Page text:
Valerie Levario was always careful to wear a mask and keep her distance from others. Still, she says, COVID-19 felt unreal because no one close to her had been infected.
Then it hit her family with lightning speed.
Her father, Fabian “Chino” Levario, 53, of Long Beach was the first to fall ill in late November after developing a cough and congestion. Next came her uncle, Armando “Mando” Padilla, 50, who was hospitalized after struggling to breathe.
And finally, her aunt Deborah Levario, a matriarch of the family, was hospitalized with pneumonia. Although she had tested negative for COVID at the time of her admission, a subsequent blood test revealed the presence of COVID antibodies in her system, suggesting she had previously been infected. The family believes that despite a lack of symptoms, the virus weakened her immune system.
All three died within a span of three weeks in December.
“I had just seen them all together like a month before,” said Valerie, a 30-year-old mother of one. “It’s hard to believe they’re all gone. I try to stay strong for my family but I have my moments.”
Valerie said her late aunt had been helping her plan her father’s memorial services when she got sick. Now, Valerie said, she’s left to plan three services while her loved ones remain at McKenzie Mortuary in Long Beach.
“It happened so fast,” she said, “it doesn’t feel real.”
As the coronavirus has surged to its deadliest levels, families across the country increasingly are being devastated by multiple deaths.
As hospitals and morgues fill up, Long Beach morticians say that many of the families they see with multiple deaths come from the city’s denser neighborhoods, where essential workers and others don’t have the option of staying home.
As a freelance handyman who needed to earn a living, Valerie’s father, Chino, worked various maintenance and construction jobs in private homes. Valerie said this raised the risks of him contracting COVID, even though he and his co-workers always wore masks.
Facing added risks from a kidney transplant about 15 years ago, Chino often chatted with Valerie about his COVID concerns.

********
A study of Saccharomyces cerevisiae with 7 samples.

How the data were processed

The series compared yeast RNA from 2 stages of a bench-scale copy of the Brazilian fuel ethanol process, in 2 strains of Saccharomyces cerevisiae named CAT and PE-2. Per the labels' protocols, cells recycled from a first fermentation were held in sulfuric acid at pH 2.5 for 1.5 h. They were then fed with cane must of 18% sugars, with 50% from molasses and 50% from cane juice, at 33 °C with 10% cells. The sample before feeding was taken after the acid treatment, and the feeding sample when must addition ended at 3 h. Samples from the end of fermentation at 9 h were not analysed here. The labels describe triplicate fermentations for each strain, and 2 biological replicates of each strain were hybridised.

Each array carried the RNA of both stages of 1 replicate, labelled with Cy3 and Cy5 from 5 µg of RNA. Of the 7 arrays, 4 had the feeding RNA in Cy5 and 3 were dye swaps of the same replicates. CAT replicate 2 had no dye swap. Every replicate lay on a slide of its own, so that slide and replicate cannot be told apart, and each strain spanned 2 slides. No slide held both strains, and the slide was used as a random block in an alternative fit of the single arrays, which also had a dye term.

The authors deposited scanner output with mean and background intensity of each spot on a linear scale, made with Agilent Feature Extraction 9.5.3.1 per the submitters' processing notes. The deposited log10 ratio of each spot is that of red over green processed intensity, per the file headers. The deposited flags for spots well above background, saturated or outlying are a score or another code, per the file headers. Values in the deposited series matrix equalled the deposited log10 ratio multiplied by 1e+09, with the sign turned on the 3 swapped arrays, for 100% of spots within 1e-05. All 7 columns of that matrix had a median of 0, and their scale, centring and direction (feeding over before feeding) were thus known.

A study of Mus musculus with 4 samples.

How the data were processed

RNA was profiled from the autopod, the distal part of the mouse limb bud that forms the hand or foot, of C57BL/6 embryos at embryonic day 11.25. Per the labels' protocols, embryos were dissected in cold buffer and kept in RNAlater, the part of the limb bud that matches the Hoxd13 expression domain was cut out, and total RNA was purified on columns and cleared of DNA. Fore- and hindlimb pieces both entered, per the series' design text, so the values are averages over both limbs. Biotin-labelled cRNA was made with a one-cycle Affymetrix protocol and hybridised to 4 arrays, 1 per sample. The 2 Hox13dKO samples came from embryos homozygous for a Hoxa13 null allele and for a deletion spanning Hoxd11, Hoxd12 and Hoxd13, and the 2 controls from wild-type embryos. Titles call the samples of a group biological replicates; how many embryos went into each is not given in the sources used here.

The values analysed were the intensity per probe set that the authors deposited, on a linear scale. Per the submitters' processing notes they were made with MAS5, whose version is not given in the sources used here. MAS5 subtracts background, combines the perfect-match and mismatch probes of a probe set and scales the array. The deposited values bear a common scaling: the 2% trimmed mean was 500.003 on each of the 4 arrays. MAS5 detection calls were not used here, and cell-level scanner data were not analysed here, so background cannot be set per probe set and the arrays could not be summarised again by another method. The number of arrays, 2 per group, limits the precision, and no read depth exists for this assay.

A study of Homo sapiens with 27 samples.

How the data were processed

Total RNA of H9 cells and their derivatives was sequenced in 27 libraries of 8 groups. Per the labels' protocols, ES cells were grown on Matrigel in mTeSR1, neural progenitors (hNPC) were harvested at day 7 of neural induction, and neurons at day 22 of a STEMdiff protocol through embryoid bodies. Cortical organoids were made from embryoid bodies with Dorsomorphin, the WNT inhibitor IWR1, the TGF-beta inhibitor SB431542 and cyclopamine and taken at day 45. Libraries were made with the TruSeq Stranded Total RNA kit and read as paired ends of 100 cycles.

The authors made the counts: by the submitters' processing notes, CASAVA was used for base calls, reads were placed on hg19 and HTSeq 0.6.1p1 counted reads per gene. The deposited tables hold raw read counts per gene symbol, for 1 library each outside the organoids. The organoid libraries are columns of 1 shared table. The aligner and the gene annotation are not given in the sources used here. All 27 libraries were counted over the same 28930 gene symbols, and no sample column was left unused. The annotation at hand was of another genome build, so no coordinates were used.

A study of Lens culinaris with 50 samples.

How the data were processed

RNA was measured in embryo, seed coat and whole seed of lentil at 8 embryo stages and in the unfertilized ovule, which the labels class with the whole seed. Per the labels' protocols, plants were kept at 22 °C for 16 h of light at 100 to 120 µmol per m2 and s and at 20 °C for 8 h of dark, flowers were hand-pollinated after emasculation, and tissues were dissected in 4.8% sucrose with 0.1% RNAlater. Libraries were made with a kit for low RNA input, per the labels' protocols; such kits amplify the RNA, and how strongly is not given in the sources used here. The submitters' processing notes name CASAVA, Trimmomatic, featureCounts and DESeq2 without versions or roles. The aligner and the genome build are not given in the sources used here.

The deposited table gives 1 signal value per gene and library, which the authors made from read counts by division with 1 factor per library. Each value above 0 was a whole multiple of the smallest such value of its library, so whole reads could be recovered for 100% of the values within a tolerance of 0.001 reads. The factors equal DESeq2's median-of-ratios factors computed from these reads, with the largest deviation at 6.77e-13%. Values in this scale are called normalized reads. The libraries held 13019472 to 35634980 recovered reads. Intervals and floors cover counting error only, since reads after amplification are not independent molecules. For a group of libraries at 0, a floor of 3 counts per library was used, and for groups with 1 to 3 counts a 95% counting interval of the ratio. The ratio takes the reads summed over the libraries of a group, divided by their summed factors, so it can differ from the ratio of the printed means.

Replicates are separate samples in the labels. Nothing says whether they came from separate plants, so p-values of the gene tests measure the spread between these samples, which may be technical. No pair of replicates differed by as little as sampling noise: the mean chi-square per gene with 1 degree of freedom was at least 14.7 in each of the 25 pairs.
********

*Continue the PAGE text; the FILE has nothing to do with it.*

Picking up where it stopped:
“We always talked about the risks and he always told me he had no choice. ‘I have bills that need to be paid,'” she quoted him as saying.
Although Chino, a Long Beach native, mainly worked in construction, his passion was music. For years, he played bass in a local band called Long Beach Vagrant. He was known as the life of the party, his daughter recalled, always joking around.
“He would talk crap about you and that’s how you knew he loved you,” his daughter said.
But when it came to health issues, Valerie said, her dad could be very private. She said she didn’t even know he was sick with COVID until he was admitted to Los Alamitos Regional Medical Center on Nov. 23.
Valerie said she last spoke with her father on the phone while he was hospitalized on Thanksgiving. He refused to do a video chat because he didn’t want her to see him while he was sick.
“He could barely talk,” she said. “I kept telling him he was going to be OK.”
At one point, he had shown signs of improvement but, as in other fatal COVID cases, his condition quickly deteriorated as his kidneys started to fail and he was given emergency dialysis.
“The doctor said COVID shocked his system and that’s what made his kidneys fail,” she said.
Valerie said her dad was revived three times before his death on Dec. 10.
As Valerie was grieving her father’s passing, his sister, Deborah Levario, a homemaker who lived in Norwalk, was by her side. But within days, she fell ill with pneumonia.
Valerie said her aunt was never tested for COVID until she was hospitalized and a blood test revealed the COVID antibodies.
Some studies have shown that COVID can cause lasting lung damage and leave people more susceptible to illness.
In one of her last text messages, Valerie said her aunt apologized for not being able to help with her dad’s memorial service. Deborah died of pneumonia on Dec. 23.
As she was still battling for her life in a Norwalk hospital, her 50-year-old husband, Armando Padilla, was struggling for breath in Kaiser Downey Medical Center.
Armando, who was close with his brother-in-law, Chino, had recently helped him move to a new apartment. The two fell ill from the coronavirus around the same time in November.
Armando had been healthy with no underlying conditions, but the virus hit him hard, said his niece, Valerie. After his wife’s hospitalization, Armando had been trying to stay strong for the couple’s 8-year-old son, Armando Jr. But after struggling to breathe, he took himself to the hospital, where his condition quickly worsened. He died on Dec. 30.
Valerie said her grandmother will now care for the couple’s young son.
Valerie, who also has kidney issues, said she’s now terrified of contracting COVID and ending up like her family members. She said she used to simply ignore people who were not following the pleas of public health officials, but now becomes enraged whenever she sees someone not wearing a mask.
“I wanna yell out the car widow, ‘Put on your mask!'” she said. “It changes your view of everything when something happens so close to your family.”
Valerie said her one big wish is to find a local craftsperson who can make a special, guitar-shaped urn for her father’s ashes. The urn would hopefully replicate her father’s white bass guitar with an amplifier.
“He loved music so much,” she said. “I think it would be a really wonderful way to remember him.”